Identity overflow

Back in 2005, my colleague Monica Basso and I wrote a research note titled, “Wide Array of Communications Overwhelms Users“. In it, we pointed out that the proliferation of communication mechanisms and the complex intermixing of personal and business communications would become increasingly unmanageable.

Until a few months ago, Gartner had a policy that disallowed analysts from participating in most forms of social media. So, up until recently, I’ve had relatively clean distinctions in my communications — a personal instant messaging account, del.icio.us, Facebook, Twitter, and so on, used strictly to communicate with friends. LinkedIn was the face of my business profile.

Now that my employer is actually encouraging use of social media, I’m finding myself facing a problem of converging business and personal identities. I am happy to build big social networks, but categorization and compartmentalization are a big problem. For instance, how do I deal with the fact that my vendor contacts see my high school acquaintances scribbling random things on my Facebook Wall? Should my blog followers who want to see my interesting technology links also have to endure my MMORPG links on del.icio.us? What do I tweet to my various accounts? (On Twitter, I have a business identity, a private friends-only identity, and a public personal identity, but ironically, I find Twitter almost impossibly distracting to deal with, so I tweet and read tweets very seldomly.) How much do I really want to federate of myself on FriendFeed?

I feel like social networking, whether targeted at personal or business use, really needs strong tagging and categorizations. Here are the people who happened to work at the same company as me, that I’ve spoken to a few times; here are my immediate co-workers; here are the people I’ve worked closely with and think are awesome. Here are business contacts at other companies that I want to stay in touch with but don’t have a personal relationship with. Here are vague past acquaintances, current friends, and my inner circle of close buddies. And I desperately want tools on all social networking sites that let me limit the flow of me-related content: public, all connections, just these specific groups.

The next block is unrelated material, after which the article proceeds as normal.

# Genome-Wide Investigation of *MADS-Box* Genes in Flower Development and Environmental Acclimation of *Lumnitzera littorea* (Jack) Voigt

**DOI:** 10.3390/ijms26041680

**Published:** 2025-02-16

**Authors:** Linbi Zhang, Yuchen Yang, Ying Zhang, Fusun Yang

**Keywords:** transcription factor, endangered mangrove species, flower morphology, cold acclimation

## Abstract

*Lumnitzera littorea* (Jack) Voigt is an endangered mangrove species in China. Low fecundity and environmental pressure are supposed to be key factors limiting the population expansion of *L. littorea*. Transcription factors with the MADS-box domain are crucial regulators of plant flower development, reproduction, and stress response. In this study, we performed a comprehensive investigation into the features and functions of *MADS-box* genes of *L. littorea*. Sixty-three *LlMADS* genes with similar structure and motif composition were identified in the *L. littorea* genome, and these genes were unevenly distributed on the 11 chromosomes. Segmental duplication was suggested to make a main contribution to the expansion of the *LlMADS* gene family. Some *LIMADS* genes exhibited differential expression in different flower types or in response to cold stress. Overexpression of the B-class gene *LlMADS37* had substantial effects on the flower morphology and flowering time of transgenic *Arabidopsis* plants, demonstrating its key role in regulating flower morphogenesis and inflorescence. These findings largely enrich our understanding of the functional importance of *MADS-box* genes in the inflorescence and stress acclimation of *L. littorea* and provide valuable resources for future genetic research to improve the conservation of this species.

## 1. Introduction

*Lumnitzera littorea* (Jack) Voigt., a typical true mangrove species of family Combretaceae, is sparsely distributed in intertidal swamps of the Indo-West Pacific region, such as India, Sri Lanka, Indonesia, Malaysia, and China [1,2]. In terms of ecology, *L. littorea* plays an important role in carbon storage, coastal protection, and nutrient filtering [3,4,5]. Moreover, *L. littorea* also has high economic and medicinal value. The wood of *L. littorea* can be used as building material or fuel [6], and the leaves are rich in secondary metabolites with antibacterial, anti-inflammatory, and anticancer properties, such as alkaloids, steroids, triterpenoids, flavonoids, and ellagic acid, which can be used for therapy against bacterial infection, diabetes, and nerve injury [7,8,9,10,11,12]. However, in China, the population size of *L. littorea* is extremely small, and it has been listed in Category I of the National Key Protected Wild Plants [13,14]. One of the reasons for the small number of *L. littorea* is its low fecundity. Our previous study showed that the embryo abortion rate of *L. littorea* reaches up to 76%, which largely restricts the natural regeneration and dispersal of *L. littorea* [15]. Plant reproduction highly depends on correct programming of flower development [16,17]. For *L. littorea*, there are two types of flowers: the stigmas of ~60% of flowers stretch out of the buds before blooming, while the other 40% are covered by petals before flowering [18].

But more broadly, we are still missing really elegant ways to manage the incredible flow of communication and information that’s coming our way. There’s a commercial opportunity there that’s still not been taken.


  1. It is perhaps telling that I am never sure which version of this blog to respond to.

    To some extent I think this comes back to the conversation about why very serious users stick to Livejournal, despite it being a morass of slashfic and craziness. Implicit in its structure is the ability to manage your streams in ways that work best for you. A few other apps have this sort of capability – google calendars spring to mind – but it always seems almost accidental. I am perhaps cynical, but this seems a phenomena waiting for someone to give it a proper name. Once people can complain about it more succinctly (and brag about it more clearly) I expect it to improve.

    That said, I find your absence on twitter a shame. Out of curiosity, what did you end up using to follow it? I admit it was entirely toxic to me until I tried twitterfox, and it was quietly introduced into my workstream in a way that explicitly does not pop up on me, and instead waits for me to get around to it.

  2. Yeah — without Twitterfox, I wouldn’t interact with twitter *ever*, as opposed it it now being my #2 and sometimes #1 interface for social networking.

  3. I was using Twitterfox, but I found that if I turned off the pop-ups, I simply ended up not reading anything.